Christmas joy remembered

Posted 12/20/23

Christmas brings such warm memories to my heart. When I was a child, all holidays were celebrated with minimal fanfare, and we didn’t make a big deal out of Christmas, either. It was still such …



Christmas brings such warm memories to my heart. When I was a child, all holidays were celebrated with minimal fanfare, and we didn’t make a big deal out of Christmas, either. It was still such an exciting time! “Santa” came Christmas Eve while my brother and I hid our eyes in our bedrooms.  My dad would bang on a glass to simulate the bells on the reindeers and voila! Our presents would be under the tree! This long held tradition disappeared that Christmas Eve that my dad got a little rambunctious banging on the glass, the glass broke, and we had to make our way to the Emergency Room to get stitches. That was the year I found out there was no Santa!

When I married Hubby, his whole family came with the deal for the holidays. They had the fun tradition of purchasing a huge, 6-foot-long sandwich from Subway and serving it with various side dishes. As Hubby’s family grew, so did the sandwich.  His brothers and sister got married, had children, and then their children and ours started having children of their own. We still all get together on New Year’s Day to celebrate Christmas, and affectionately call this holiday “Big Sandwich Day.” It is funny that my adult son, Steven, thought it was an actual holiday, and has been known to ask his friends what they were doing for “Big Sandwich Day” only to be met with blank stares.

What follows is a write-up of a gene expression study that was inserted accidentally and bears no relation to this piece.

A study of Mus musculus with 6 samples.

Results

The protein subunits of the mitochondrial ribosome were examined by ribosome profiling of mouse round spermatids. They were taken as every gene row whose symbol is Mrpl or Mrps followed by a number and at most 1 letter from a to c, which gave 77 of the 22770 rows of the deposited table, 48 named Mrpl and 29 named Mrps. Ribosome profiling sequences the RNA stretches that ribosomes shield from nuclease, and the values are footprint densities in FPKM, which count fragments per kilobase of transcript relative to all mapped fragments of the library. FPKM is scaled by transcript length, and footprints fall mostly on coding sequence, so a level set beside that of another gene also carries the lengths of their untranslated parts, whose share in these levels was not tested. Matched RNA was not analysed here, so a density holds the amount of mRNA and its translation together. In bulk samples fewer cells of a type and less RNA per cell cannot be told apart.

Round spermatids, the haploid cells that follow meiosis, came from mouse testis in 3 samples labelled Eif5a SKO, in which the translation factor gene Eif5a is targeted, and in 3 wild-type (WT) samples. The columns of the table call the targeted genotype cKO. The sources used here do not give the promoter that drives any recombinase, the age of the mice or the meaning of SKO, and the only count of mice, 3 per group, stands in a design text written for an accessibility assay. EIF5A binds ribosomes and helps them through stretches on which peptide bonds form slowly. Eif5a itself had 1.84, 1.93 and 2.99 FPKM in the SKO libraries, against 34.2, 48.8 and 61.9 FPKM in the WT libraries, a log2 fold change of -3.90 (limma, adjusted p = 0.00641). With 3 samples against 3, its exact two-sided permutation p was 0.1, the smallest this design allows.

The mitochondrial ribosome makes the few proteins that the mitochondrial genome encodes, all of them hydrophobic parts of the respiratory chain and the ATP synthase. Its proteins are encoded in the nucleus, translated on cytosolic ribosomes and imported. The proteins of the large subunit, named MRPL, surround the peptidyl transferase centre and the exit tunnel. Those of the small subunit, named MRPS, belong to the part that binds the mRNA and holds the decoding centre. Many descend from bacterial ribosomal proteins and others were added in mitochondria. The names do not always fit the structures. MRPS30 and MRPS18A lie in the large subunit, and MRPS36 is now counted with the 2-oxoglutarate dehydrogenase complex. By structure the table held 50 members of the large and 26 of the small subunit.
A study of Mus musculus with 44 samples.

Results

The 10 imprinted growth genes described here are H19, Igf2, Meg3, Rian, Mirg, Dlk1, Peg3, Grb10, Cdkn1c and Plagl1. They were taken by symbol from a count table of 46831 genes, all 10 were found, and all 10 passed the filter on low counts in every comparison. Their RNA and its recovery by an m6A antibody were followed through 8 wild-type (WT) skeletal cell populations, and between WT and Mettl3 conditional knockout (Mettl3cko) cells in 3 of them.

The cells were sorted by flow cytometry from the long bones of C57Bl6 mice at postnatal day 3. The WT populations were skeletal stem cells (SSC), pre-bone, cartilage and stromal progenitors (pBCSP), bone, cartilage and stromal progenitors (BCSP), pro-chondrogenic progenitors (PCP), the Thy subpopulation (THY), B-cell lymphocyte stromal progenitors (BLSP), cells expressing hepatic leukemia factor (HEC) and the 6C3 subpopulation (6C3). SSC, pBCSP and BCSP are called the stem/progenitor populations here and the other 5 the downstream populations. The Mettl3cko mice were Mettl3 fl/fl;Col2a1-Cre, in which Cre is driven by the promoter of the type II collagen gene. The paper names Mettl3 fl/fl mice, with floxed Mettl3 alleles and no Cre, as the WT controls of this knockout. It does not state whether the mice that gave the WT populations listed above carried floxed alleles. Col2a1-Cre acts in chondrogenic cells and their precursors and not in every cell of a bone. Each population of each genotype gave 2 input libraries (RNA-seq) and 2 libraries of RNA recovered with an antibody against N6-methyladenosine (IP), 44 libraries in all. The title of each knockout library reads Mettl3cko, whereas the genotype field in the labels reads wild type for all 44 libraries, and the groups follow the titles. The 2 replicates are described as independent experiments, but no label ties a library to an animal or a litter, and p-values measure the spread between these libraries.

One Christmas Eve more than 30 years ago still elicits joy in my heart. That was the year that we found out that our new 2-month-old baby from Guatemala, Dinora, was profoundly deaf.  When she was in her crib and I walked in her room, it would startle her when she saw me, seemingly to not have heard my heavy footsteps. The final clue was when she was sitting on the floor in her infant seat next to me doing dishes in the kitchen. I had been washing a huge lobster pot, and it slipped from my hands, clanging loudly on the floor.  Dinora did not blink.  She just sat there, non-plussed. Realizing she had not heard the sound, I rushed her to the pediatrician, and then to Rhode Island Hospital Hearing and Speech.

A multitude of hearing tests were done, including a Brainstem Auditory Evoked Potential and an MRI, which determined she was profoundly deaf due to severe pre-natal malnutrition, formally diagnosed the day before Christmas Eve. That evening we had promised Francis, age 2½, that we would go see the lights at La Salette Shrine, which we did even though I was grieving and in no mood to go

Once there, we went right over to the area where the prayer candles are lit.  Francis excitedly bounced up and down from foot to foot, getting so close to the candles he almost burnt his nose.  I helped him light a candle, after which he started to sing Happy Birthday to Jesus.  I lit a candle and crabbily thought “THANKS, God.  I have a son who is blind and now I have a daughter who is deaf!” I was not very appreciative of all the other blessings I had.

The next morning, the dog barked, and it seemed to wake Dinora up.  I went clambering into her bedroom and she turned to look at me, as though she had heard my footsteps. I started to talk to her, and a big smile came over her face.  She had HEARD me! We had such a joyous Christmas celebration that year!  When I took her back to R I Hospital to demonstrate that she could hear, the doctor was stunned. I have a written report from him that states that there is no medical explanation for what happened, other than it was a “Christmas miracle from above.”

This Christmas miracle has lived in my heart, reinforcing the joys of Christmas.